Panel 5: Born before and after Shakespeare

This two-session panel aims at showing how Shakespeare’s leading position in Elizabethan and Jacobean studies in France has to some extent fostered, delayed and/or shaped research on contemporary English authors, be they born slightly earlier or later than Shakespeare.

Why and how did Shakespeare, rather than any other, become such a central figure in the country’s literary history? In early modern England, Shakespeare was not always the national bard and admired author he came to become, as is exemplified by Robert Greene’s scathing description of the budding playwright as an “upstart crow beautified with our feathers”.

The canonization of the Shakespearean corpus was first the result of an editorial process, with the prefatory material to the 1623 folio bearing witness to Shakespeare’s key “position in the burgeoning family tree of English poetry”. Although adapted at times, as by poet laureate Dryden in the 17th century, or later bowdlerized in the early 19th century to fit public taste, the publication history of Shakespeare’s works in England confirms their canonical status, owing the playwright the posthumous title of England’s official national bard.

In France, despite making some biting comments about his plays, Voltaire was the first to mention Shakespeare’s genius. In doing so, he was initiating a long-standing tradition of panegyrics whereby French authors would pay homage to the dramatist whose popularity across the Channel was such that “la langue de Shakespeare” became a set phrase for the English language as a whole.

As far as academic publications and research are concerned, Shakespeare’s legacy has inspired some retrospective interpretations of the western canon with prominent critics such as Harold Bloom defining the anxiety of Shakespeare’s influence on later epigones, in sharp contrast to the 1980’s neo-historicist theories on self-fashioning. We would like to discuss renewed perspectives, different from both approaches, to reconsider (self-)canonization practices and the interrelations of some “self-crowned laureates”.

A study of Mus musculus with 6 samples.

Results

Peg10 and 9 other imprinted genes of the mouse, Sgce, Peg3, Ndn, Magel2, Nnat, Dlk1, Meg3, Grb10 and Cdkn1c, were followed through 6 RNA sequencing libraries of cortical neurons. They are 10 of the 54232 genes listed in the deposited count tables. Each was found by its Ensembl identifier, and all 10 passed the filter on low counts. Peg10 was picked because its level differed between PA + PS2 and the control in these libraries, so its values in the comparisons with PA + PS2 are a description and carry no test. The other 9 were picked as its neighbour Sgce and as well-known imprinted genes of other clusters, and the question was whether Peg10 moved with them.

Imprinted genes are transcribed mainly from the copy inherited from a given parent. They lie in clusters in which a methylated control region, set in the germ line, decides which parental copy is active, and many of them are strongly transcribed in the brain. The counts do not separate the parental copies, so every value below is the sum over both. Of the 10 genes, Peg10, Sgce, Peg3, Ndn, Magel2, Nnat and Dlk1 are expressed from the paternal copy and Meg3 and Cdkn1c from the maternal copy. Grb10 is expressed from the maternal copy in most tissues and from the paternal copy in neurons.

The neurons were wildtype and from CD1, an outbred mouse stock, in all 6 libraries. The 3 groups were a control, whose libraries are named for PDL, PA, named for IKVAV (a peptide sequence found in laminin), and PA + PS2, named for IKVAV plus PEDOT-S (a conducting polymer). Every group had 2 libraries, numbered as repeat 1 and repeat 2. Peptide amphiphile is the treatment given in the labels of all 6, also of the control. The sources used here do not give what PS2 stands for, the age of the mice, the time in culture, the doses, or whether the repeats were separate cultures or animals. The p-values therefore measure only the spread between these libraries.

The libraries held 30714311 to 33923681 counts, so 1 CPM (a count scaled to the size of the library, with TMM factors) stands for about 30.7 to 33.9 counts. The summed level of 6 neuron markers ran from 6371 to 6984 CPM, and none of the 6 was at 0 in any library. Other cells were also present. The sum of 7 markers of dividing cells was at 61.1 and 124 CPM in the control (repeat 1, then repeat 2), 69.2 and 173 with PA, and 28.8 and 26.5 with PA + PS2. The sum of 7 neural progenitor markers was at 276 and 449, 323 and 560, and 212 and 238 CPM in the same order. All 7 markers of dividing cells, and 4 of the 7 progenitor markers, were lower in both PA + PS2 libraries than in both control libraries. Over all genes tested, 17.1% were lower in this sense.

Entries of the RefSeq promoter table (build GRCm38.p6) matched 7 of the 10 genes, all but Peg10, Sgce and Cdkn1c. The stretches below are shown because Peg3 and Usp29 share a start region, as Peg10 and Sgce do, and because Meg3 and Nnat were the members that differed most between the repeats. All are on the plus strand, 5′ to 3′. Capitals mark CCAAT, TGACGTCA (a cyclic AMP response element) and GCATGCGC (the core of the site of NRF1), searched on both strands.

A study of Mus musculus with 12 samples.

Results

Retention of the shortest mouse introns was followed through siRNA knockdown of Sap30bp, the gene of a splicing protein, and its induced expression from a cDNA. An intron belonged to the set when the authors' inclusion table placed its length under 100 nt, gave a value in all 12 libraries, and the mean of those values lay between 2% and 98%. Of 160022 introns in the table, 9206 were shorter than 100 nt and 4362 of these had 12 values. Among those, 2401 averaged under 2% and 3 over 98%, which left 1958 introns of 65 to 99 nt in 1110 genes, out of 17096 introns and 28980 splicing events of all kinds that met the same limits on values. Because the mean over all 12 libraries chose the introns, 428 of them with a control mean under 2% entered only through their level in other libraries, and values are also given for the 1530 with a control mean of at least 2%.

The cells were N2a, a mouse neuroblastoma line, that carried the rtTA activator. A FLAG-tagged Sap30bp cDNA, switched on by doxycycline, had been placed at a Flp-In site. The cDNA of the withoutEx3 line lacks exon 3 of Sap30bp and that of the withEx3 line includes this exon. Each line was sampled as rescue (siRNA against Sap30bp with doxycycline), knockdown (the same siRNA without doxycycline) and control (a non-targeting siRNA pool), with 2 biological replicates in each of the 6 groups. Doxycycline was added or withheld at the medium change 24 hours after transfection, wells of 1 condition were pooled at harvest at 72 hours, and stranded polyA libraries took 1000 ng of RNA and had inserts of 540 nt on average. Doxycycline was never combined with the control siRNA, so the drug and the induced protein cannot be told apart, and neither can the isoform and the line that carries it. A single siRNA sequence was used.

Shakespeare’s dominant position in literary history and early modern studies has also reverberated in France through the history of translations and stage performances of Elizabethan, Jacobean and Carolean authors. In the foreword to the Bibliothèque de la Pléiade edition of Théâtre élisabéthain (2009), Line Cottegnies writes that up until the last years, Shakespeare seemed to have partially eclipsed other dramatists and poets, thus deemed “Shakespeare’s contemporaries”. The two-volume edition, offering translations by a great number of leading early modernists, is therefore presented as a way of promoting lesser-known writers in print and on stage. Building on such recent ventures, we would like to delve into the bias some earlier Shakespeare-centred approach has entailed in our perception of early modern writers and into the possibility of looking at Shakespeare as his “contemporaries’ contemporary”. This will lead us to question such categories as “forerunner”, “successor” or “co-author” in literary history.

The contributions to the panel may deal with the libido influendi of early modern writers, whose strategies of self-canonization (as studied by Richard Helgerson of Raphael Falco) may be compared to Shakespeare’s own. Contributors could also offer views on whether source- and analogue-hunting for Shakespeare’s plays and poems has maybe either led to reappraising hypo- or hyper-texts or rather filtered their approach further through a Shakespearean prism. Finally, contributions on the relative importance of Shakespeare and/or his contemporaries in French departments of English studies, in translation or on stage, may also shed greater light on these issues, as would a comparison with current research trends in English departments around the world.

Proposals should be sent to ->] and [ by July 31st, 2013. Please include name, email, affiliation, abstract (250-300 words) and title of your contribution.